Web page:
The cuts, proposed in Gov. Gavin Newsom’s May budget revision, are particularly controversial because they would require community colleges to effectively return nearly $800 million they received last summer.
“That’s unprecedented,” said Jose Torres, the executive vice chancellor of the San Bernardino Community College District.
Some of the cuts to maintenance funds could put students across the state at risk. At Ohlone College in Fremont, representatives from the Deaf Studies program told administrators last year that the fire alarm in their building had no visual cues. Christopher Dela Rosa, a vice president, said the college has since replaced that alarm but there isn’t enough money in the state grants to see if the other buildings have the same problem.
“I just need to prioritize which ones I can with the limited funds I have,” Dela Rosa said.
In San Bernardino, Torres has already signed contracts and committed those dollars towards certain projects.
However, his college district has yet to spend the money.
That’s typical, said one of the governor’s advisers at the Department of Finance who was not authorized to comment: “It takes time for districts to determine which projects they would fund in which order. It takes time to try and get up to contract.”
As a result, the finance staff member said, colleges should still have time to revise their plans in light of the proposed budget cuts.
Torres already made his plans public, though. One of those state-funded projects is the first thing students see when they visit the websites for either of the two community colleges in his district: Free tuition and textbooks this summer.
Torres said he isn’t willing to pull his commitment for free textbooks and summer tuition away from San Bernardino students. Instead, the community college district will draw down a quarter of its savings in the event that the governor’s budget passes and the state money falls through.
Budget cuts turn up the heat on California community colleges
These budget cuts come as a direct result of the state’s $31.5 billion budget deficit.
Community colleges will still receive over $9 billion in state funds this year, if the governor’s budget is enacted. That includes a percentage increase in per student funding based on inflation and more money to build affordable housing for students.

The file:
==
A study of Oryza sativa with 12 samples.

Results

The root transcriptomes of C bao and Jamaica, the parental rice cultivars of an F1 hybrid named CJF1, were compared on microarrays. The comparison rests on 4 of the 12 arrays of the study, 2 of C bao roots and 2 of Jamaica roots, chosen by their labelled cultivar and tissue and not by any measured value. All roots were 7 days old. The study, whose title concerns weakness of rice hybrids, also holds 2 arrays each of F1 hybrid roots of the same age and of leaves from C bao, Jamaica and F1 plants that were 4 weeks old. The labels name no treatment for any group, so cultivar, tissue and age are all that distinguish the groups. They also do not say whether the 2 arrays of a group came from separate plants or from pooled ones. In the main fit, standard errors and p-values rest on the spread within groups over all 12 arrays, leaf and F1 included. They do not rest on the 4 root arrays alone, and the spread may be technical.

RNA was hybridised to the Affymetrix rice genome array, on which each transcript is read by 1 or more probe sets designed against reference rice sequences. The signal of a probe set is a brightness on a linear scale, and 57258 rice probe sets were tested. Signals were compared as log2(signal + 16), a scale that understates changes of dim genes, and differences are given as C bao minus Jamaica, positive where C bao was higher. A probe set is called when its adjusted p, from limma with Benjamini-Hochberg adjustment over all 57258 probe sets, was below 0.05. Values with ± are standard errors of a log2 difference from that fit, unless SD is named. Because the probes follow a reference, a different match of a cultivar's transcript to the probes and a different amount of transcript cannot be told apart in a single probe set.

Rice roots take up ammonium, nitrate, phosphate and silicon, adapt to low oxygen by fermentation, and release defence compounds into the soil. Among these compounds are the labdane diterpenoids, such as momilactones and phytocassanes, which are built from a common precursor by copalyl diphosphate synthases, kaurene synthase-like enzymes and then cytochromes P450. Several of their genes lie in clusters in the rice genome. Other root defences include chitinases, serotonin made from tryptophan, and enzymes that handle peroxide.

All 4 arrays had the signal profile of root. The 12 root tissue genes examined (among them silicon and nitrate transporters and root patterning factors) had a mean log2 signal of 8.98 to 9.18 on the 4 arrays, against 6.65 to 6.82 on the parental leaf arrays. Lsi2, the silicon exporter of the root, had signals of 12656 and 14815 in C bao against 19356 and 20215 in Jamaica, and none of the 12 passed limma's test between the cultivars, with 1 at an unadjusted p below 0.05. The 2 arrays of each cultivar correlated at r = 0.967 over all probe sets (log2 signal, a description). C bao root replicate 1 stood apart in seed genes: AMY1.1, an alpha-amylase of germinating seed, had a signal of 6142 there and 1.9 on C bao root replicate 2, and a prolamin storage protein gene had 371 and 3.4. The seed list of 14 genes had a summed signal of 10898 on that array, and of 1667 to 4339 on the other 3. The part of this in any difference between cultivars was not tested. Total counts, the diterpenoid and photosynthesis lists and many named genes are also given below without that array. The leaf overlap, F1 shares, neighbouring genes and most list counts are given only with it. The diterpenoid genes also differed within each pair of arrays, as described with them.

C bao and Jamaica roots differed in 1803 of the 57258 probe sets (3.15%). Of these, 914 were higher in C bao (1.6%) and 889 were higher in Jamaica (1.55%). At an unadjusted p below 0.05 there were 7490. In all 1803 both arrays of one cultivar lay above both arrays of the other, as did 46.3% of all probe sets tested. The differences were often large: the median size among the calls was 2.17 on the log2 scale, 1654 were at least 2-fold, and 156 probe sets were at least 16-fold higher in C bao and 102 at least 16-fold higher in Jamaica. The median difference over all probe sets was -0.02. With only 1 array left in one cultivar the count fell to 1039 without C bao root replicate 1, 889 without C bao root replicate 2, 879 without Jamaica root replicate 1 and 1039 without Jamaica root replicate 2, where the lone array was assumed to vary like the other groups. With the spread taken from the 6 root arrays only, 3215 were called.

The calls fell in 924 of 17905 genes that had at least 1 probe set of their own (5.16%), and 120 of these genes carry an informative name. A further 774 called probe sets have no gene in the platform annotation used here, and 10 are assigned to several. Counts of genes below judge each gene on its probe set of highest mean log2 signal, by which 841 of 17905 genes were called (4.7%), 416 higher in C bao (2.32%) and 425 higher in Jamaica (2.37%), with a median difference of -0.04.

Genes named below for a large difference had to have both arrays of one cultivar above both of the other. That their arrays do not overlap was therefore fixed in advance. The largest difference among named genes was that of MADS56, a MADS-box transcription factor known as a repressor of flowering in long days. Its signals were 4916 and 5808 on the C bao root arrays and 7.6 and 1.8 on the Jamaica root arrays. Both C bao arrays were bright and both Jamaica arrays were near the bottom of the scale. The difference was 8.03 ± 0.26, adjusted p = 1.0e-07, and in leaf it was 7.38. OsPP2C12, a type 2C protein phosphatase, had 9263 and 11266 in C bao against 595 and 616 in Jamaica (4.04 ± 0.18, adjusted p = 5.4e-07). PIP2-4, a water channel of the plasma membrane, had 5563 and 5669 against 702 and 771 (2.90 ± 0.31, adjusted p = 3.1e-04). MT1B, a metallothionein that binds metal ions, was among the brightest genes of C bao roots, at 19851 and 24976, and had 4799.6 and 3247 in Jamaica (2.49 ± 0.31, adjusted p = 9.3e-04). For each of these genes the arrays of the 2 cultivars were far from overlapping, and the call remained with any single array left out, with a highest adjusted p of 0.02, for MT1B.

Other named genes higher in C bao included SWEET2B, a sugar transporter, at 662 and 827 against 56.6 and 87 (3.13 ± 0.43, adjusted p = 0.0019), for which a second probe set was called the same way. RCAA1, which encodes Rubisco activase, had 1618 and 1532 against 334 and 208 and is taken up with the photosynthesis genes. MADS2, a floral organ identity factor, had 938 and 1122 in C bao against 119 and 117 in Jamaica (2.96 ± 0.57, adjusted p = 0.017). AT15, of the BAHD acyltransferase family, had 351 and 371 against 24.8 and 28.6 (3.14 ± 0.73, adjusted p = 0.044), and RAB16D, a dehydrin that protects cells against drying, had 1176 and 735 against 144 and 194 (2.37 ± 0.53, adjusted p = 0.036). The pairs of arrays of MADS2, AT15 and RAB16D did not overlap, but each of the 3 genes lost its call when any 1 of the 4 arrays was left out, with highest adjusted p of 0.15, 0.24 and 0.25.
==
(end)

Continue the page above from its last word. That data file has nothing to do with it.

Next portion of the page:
But something had to give to make up for the state’s budget deficit.
The Department of Finance proposed cutting two major investments from last year: a one-time grant to support maintenance and green energy projects, and another one-time grant to help colleges recover from the COVID-19 pandemic. In both cases, the dollars arrived last summer, but colleges have years to spend them.
Many community colleges put the state’s dollars toward small-scale maintenance issues, such as replacing old heating and AC units or making routine repairs to roofs and streets.
These improvements are often low on the priority list and are frequently deferred, but if colleges wait too long, the consequences can be drastic nonetheless: At the City College of San Francisco, aging heaters gave out this winter, leaving students and professors to resort to hand-warmers.
The San Francisco City College board has since moved to fix the broken heaters with emergency funds, but other buildings with aging HVAC infrastructure, like the library, will depend on the state’s money for regular repairs.
In Riverside, community college leaders had planned to fix the AC units in its aging cosmetology school, but the project may not materialize if the budget passes in its current form.
The Riverside Community College District also used $5 million of the state’s grants for a renewable energy initiative that would offset 60% of the district’s power through solar panels and EV chargers. The project has taken years to finance and months of planning by administrators and a contractor, all of which will stop if the state needs the money back.
Alternatives to cut
Lizette Navarette, interim deputy chancellor for the community college system, said that there are roughly 5,000 such maintenance and construction projects that have either already used these funds or plan to. Most of those projects are in the planning phase, but CalMatters identified at least one school, Ohlone College, that has already spent half of the $3.6 million it received for maintenance costs.
“We recognize that tough decisions had to be made,” Navarette said. She wasn’t surprised that the budget included significant cuts but said the state should explore other options to reduce costs.
Instead, she asked the governor’s budget team if they could defer payment to a later year when the state’s financial outlook is brighter.
That option comes with its own liabilities. The state already owes roughly $11 billion in deferred payments across its agencies, which might take more than a decade to pay off, said the staff member at the Department of Finance. “The state very likely will face more budget problems over the next few years,” said a recent report from the Legislative Analyst’s Office.
Alternatively, Navarette has asked the state to consider giving colleges more flexibility about which programs to cut, which in turn gives colleges more agency to decide which promises to keep.
Both the state Assembly and state Senate have been receptive to her requests, she said, though the governor makes the ultimate decision.
Even if the community colleges keep all the state dollars that they received, it still would not solve the colleges’ maintenance problems. The state’s investments last year — the largest in history for deferred maintenance, Navarette said — were estimated to account for roughly half of what colleges needed.